Thursday, July 16, 2009

Feature: Dianne Borsenik Day 5


sit you down on my
make love
to my motherboard
fondle my
with your slim fingers
make my internet
cry "oh lord!"
plug me
into your USB hub
juice me up
with your
come, applicate me
Facebook and make me
scream! when
the cybersparks fly
link to me
with your hard
drive baby
fill my
with spurts of
IM me, befriend me
CD-rom, ram
and send me
with kicks from your
naughty webcam
then download
into my
lick and remix me
make my
pixel count
you know you
excite me when you
megabyte me
so... Google me
any time!

© Dianne Borsenik

(this poem first appeared in HardDrive/SoftWear, 2009, published by Crisis Chronicles Press)

HardDrive/SoftWear Collage by Jen Pezzo/Kerowyn Rose


Questions for the Author:

Where do you get your inspiration? Where does a poem that you write come from? Do you have a process you go through when writing? - AND - What do you do when writer's block hits?


I'm going to combine these interview questions, so that I don't sound too redundant day after day! Basically, anything can inspire me to write a poem-- I've caught ideas from single interesting words (sometimes I'll stop, repeat the word, feel it in my mouth, roll it around on my tongue, let it sink into my brain and then start to write), from incidents that have happened to me (I tend to turn my anger and frustration into "revenge" poems-- I really let it all out, really get nasty in the poem, and then forget about it. Great tension reliever!), from feelings I have. Anything-- anything at all-- can set it off.

There's no real process I go through. Sometimes the poem pours out of me in one sitting, and needs very little revising. Sometimes I'll write a line or two down, and then not develop the poem for weeks, months, years. Sometimes, I'll think of something I want to write, some form or style or concept, and will sit and work on it for hours, or days, carrying a "worksheet" around with me, pulling it out every chance I get. It does seem to get easier, if I try to write at least a little every day; it seems to keep the "doors of perception" open.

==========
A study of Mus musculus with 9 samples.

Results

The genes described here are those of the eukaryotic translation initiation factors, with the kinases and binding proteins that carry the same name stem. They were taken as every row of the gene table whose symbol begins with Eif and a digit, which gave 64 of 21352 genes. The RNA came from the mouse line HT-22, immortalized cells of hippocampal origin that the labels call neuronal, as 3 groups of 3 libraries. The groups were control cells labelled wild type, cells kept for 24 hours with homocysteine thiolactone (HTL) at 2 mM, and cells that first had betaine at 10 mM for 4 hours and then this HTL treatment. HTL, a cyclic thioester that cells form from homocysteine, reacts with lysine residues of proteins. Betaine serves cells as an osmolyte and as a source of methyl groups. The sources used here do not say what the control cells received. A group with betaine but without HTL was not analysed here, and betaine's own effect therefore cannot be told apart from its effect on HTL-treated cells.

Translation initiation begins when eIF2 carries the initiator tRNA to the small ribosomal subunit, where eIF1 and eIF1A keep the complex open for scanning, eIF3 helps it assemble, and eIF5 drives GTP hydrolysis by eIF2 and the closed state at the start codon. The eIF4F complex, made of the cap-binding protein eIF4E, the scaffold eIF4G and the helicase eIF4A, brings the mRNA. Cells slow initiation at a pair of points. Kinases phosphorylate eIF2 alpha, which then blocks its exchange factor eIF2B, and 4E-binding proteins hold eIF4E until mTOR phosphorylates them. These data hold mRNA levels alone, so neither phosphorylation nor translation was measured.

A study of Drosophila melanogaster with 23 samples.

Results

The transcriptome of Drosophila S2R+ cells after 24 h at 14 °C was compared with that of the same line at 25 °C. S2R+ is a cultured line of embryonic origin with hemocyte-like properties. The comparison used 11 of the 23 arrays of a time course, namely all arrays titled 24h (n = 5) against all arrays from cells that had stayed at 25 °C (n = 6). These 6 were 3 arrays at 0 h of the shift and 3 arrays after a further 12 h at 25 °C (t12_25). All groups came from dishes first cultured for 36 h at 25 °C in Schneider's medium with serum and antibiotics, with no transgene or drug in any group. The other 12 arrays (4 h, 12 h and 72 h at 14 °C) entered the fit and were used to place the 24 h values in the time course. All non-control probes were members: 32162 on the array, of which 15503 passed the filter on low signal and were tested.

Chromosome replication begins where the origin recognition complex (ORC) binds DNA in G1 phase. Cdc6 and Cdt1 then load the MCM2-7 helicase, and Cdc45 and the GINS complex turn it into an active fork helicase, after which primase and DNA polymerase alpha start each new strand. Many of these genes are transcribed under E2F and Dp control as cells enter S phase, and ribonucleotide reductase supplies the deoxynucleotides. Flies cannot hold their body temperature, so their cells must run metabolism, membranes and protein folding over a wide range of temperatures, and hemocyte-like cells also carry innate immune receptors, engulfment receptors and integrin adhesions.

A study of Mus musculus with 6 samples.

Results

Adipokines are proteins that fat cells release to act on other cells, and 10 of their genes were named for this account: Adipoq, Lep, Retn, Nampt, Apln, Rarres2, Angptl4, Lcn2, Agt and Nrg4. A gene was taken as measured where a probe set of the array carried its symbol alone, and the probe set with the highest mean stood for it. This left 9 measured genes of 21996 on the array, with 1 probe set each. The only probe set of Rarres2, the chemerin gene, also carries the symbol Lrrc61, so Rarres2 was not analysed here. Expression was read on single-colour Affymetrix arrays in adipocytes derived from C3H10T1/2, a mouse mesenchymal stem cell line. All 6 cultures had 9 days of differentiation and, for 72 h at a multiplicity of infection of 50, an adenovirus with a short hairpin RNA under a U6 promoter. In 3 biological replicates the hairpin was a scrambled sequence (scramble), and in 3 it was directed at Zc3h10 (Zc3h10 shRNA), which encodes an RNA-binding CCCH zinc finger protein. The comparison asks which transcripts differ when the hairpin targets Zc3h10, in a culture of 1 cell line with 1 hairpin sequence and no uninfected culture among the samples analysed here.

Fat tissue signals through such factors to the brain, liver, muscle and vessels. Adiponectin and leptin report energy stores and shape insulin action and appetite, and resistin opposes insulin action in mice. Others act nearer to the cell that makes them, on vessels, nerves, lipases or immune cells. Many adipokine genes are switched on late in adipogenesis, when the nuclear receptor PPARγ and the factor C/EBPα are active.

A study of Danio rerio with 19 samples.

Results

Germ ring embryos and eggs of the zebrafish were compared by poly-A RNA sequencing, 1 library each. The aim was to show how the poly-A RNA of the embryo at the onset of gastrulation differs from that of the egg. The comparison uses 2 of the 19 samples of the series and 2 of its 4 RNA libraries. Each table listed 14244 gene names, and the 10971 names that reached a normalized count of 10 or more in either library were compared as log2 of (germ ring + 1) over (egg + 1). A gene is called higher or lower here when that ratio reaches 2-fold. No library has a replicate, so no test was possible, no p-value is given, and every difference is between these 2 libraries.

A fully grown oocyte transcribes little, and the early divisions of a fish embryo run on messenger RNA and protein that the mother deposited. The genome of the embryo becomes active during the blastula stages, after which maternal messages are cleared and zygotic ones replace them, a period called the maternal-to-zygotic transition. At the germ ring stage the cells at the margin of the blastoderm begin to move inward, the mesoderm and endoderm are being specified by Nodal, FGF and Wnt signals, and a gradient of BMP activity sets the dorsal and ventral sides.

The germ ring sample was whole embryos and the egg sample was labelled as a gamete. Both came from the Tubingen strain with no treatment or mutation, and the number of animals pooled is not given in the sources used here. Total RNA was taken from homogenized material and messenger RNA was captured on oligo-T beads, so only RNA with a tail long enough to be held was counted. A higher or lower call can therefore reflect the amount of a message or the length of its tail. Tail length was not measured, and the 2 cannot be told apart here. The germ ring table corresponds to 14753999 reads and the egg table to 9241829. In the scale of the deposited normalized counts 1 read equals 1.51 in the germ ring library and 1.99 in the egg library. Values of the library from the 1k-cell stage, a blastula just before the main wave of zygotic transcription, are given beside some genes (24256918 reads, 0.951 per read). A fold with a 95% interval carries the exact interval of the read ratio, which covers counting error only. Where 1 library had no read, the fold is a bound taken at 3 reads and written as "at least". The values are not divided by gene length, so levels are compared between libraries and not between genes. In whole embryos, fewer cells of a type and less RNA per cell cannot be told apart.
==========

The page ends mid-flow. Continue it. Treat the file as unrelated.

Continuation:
Which leads me to writer's block. I don't often get it, and usually not for more that a few days. At that time, it's no use; the words dissipate, the thoughts congeal and clot, and nothing flows through to the pen. I don't try to force it; that doesn't work for me. I just go on to other things and wait it out. Then the block lifts, as if by magic, usually due to my hearing an unexpected word or odd phrase.

I do have to say that when the writer's block persists, I miss writing-- I feel like I'm incomplete, like part of me is missing, like I'm poorly defined. I identify myself as a poet, as a writer-- that's who, and what, I am.


  1. Your collage ROX, Jen! It goes perfectly with "HardDrive"! BTW, this poem is the one chosen for inclusion in the 2009 Cleveland RTA Poetry-Sculpture Project-- I'll be recording it this weekend.

  2. John Burroghs once said this is his favorite poem of Lady :D i have one other but
    i can see why this is professionally acknowledged (whew) you think this was easy to say this early??? hahhaahha Love U babababy

  3. I'll never look at my computer the same way again. :)

  4. Nice read Dianne... I'm glad you've shared your poetry here and a little about yourself as well.

    Always nice to know more about you, your writing and why you write.